Part I. Pottery

The Archaeological Section of the St. Louis Academy of Science - 1880

  Archaeological Remains in Southeastern Missouri by W. B. Potter
  The Ancient Pottery of Southeastern Missouri by Edward Evers

2010 Reprint Edition

 

An early and rare work on the pottery of Missouri from the St. Louis Academy of Science.

From the Preface:

  "With the view of preserving some record of the rich prehistoric relics of the Mississippi Valley and especially in the state of Missouri, the Archaeological Section of the St. Louis Academy of Science has undertaken the publication of a series of papers embodying the results of work and observations in the field by its members. These papers are intended not so much to express the theories and opinions of individual members of the Section, as to be the means of furnishing to those interested in the archaeology of the country, a reliable statement of facts connected with the occurrence of prehistoric remains in this important region.
     The present volume is the first of the series, and contains a general description of the southeastern Missouri district and of the pottery which has been found in such abundance in the burial mounds of that region. Characteristic specimens of the pottery have been selected for illustration! from the collections of the Academy of Science and individual members, and the Section is indebted to Dr. G. Hambach for the skill and faithfulness with which: he has executed the drawings on stone."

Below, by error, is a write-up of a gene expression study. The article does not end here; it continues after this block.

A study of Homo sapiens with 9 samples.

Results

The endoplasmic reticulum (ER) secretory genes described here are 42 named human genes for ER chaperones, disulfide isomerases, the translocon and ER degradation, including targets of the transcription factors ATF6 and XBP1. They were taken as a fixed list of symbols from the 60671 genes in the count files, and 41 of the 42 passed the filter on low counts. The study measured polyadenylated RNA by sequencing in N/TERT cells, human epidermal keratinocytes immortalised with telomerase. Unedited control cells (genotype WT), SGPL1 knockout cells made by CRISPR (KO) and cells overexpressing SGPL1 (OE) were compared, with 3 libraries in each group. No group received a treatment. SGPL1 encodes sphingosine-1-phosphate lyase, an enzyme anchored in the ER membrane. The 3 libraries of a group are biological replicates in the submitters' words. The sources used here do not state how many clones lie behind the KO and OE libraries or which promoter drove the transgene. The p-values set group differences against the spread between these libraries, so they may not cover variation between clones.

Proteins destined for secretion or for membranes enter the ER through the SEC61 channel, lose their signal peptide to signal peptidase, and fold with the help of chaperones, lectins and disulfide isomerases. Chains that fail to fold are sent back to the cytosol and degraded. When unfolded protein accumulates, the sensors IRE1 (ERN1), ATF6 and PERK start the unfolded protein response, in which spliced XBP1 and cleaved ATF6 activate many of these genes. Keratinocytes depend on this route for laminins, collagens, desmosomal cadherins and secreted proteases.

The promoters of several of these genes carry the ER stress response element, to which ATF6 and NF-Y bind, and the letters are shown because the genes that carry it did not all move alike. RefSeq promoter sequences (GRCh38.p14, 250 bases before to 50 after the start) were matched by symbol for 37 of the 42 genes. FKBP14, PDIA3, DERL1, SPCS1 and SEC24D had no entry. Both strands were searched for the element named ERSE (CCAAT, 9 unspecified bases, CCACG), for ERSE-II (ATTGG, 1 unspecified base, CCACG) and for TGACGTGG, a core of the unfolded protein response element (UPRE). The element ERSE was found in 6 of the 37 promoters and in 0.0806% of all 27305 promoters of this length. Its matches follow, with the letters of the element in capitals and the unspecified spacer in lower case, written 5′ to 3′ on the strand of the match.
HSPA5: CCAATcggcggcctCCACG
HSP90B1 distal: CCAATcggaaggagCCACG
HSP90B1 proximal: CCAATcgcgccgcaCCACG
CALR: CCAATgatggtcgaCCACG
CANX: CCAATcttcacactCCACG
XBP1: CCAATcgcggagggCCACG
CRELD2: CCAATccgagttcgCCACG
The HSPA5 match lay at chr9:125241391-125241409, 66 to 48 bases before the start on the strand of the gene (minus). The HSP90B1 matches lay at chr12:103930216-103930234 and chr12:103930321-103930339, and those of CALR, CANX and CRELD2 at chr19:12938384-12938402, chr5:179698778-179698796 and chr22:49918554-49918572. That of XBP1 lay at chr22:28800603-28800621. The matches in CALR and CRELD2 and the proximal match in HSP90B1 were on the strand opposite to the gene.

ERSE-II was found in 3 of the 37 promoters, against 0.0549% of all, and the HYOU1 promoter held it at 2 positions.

This 8-1/4" x 10-1/2", 122 page, soft cover, facsimile reprint is illustrated with 5 foldout maps and 24 full-page plates.  $19.95

       


PLATE XXIV.

Fig. 1. Black, sun-dried specimen; very neatly finished and well formed. The mouth of the vessel is in the back of the head.
Fig. 2. Also a black, sun-dried specimen, but not so finely finished, nor so carefully formed as the preceding.
fig. 3. A very fine, sun-dried specimen from Perry County, MO. it has been figured here for the purpose of comparison. this specimen is now in the collection of the Illinois State penitentiary at Chester, Ills.
Fig. 4. Black, sun-dried specimen, not so well executed; the head especially is much more imperfect than in the other specimens, the open mouth detracting from the symmetry of the features. this figure is hollow, but there is no opening anywhere, showing that it was not a vessel.
Fig. 5. Black, sun-dried specimen. The figure is reproduced in full, the organs of generation being especially well executed. (it has been said, by some authors, that this is rarely the case in this class of pottery, but there are at least five specimens in the collections here in which they are well shown).
Fig. 6. This figure (sun-dried) is also hollow, but has no opening anywhere.
Fig. 7. This is a very fine specimen. It is doubtful whether it was baked or not. It was originally painted, and white and red patches of paint can still be seen, though the decoration itself has disappeared almost altogether. The figure represents a woman with a child on her back, the head of the child is broken off and not in the collection. The specimen is hollow, but had originally no opening anywhere.
Fig. 8. Black, sun-dried specimen; in this specimen too the penis is represented in rather large proportion. the figure is not well executed. the mouth of the vessel, as usual, is in the back of the head.